The Big 12 is an Embarrassment
There will be big changes to the Big 12 next year, but they're certainly going out on a low note.
The Big 12 is in a weird transitional period. It currently comprises 14 teams with four newcomers beginning their assimilation this season. But two of those 14 are outgoing in the summer, and there are four others incoming at the same interval.
The future looks bright for the Big 12 in that its lights will remain on beyond 2023, which is more than can be said for a certain other once-power conference. But as the Big 12 wishes to pretend its many additions are enough to make up for the Oklahoma and Texas subtractions, the Sooners and Longhorns are making the league look silly on the field.
Four weeks into the season, Texas and Oklahoma look destined to meet in the Big 12 Championship in a couple of months. The Sooners defense is allowing the second-fewest points per game of any team in the country, including the six points it held Cincinnati to at Nippert Stadium on Saturday. Meanwhile, the Longhorns already have an Alabama feather in their cap, earned in Tuscaloosa no less. That’s not to mention the 38-6 beatdown it just laid on Baylor as an unflattering farewell.
It’s a strange place to be. The Big 12 as it looks now, even without Texas and Oklahoma, is not what it will look like shortly; its four corner pieces are missing. Will Colorado, Utah, Arizona, and Arizona State be enough to make up for the Texas and Oklahoma-sized holes? Probably not, at least not consistently, but it’s something.
And the whole rest of the league is not in shambles. Kansas State, TCU, and dare I say, Kansas, could be thorns in the defectors’ sides. Oklahoma heads to Lawrence on Oct. 28 and Texas goes to Fort Worth on Nov. 11 in what will likely be the most difficult road games left on each of their schedules. There have been some notable non-conference conquests from the other 12, too, like BYU’s victory at Arkansas and West Virginia and Cincinnati both putting Pitt in its place.
It was just one season ago that TCU – not Texas or Oklahoma – reached the national championship game. Kansas State has shown signs of resurgence in recent years, Kyle Wittingham’s Utah could remain a menace after making the jump over, and who knows what the future of Colorado football looks like. No conference has a bigger footprint in the state of Texas, a highly-valuable fact for recruiting and viewership. The ship is not sunk.
But in the face of those positives, Oklahoma State is simultaneously faceplanting to South Alabama, Texas Tech can’t handle Wyoming, Iowa State is succumbing to Ohio, Cincinnati’s 16-game win streak over Miami of Ohio is dead, and Houston isn’t the best team in the city it’s named after. That’s not much to inspire confidence for the future.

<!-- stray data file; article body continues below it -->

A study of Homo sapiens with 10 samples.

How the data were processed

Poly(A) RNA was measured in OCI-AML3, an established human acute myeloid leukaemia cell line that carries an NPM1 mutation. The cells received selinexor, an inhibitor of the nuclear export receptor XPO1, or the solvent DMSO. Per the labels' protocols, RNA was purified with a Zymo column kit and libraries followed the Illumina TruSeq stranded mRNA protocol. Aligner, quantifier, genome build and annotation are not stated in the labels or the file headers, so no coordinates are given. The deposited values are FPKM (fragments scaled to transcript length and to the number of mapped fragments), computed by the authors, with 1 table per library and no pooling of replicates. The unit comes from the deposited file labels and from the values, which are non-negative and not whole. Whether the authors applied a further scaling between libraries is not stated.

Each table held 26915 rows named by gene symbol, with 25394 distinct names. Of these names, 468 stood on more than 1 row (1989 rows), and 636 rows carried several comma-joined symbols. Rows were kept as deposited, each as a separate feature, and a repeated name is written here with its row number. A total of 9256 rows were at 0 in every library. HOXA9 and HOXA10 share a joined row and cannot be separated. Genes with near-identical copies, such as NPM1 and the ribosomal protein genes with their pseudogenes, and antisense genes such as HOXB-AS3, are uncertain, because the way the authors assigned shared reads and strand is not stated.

The decay of the Cowboys is an especially alarming development for the league. For years now, Oklahoma State has reliably been in the midst of the rankings, sometimes entering into the national championship and major bowl races. Baylor and Kansas State were the Big 12 winners in 2021 and 2022, respectively, snapping the six-year Sooner reign, but neither have been as regularly in the national conversation as Oklahoma State. If the Cowboys are truly spent – and Mike Gundy’s unwillingness to adapt to the modern landscape imply that they are – then someone else must take that torch, and fast.
Last week, Texas and Oklahoma were the only Big 12 teams in the AP Poll, forcing the league to publish this graphic to Twitter. Not the best look. At least this week they can add No. 24 Kansas to that list! If the conference is relying on the Jayhawks for clout, then it’s even worse than we thought.
The hodge-podge nature of the new Big 12 is evident, with in-conference contests from this last week including UCF at Kansas State and BYU at Kansas. The core of the conference has known each other for some time, but with the arrival of eight strangers in a two-year span that are stretched as far wide as Florida, Ohio, and Arizona, what sort of identity will there be? The new guys need to carry a lot of this weight. For this Big 12 experiment to last long-term, marquee matchups must form. There are very few of those naturally available at the moment.
The Big 12 now will not be the Big 12 soon. How the Hateful 8 and their mates perform against Texas and Oklahoma as they make their exits is more a matter of pride than significance for the conference’s future – as we’ve established, 25 percent of the new-look Big 12 is still slinging in the Pac-12. Even if the Longhorns and Sooners smash the league on their way to a rematch in the title game, it doesn’t mean the Big 12 can’t be in a strong position in five years, which is much more important than how it is now given the end date of its $2.3 billion contract extension with ESPN and Fox Sports signed in 2022.
That pride matters, though. At its core, what is college football but an exercise of petty pride disputes among neighbors? If the deserters demolish the Big 12, it won’t hurt the bottom lines of the deserted programs, but it will hurt their perception across the country. In a sport where subjectivity holds an outsized role, perception often invades reality, and that reality is appearing more and more embarrassing for the Big 12 by the week.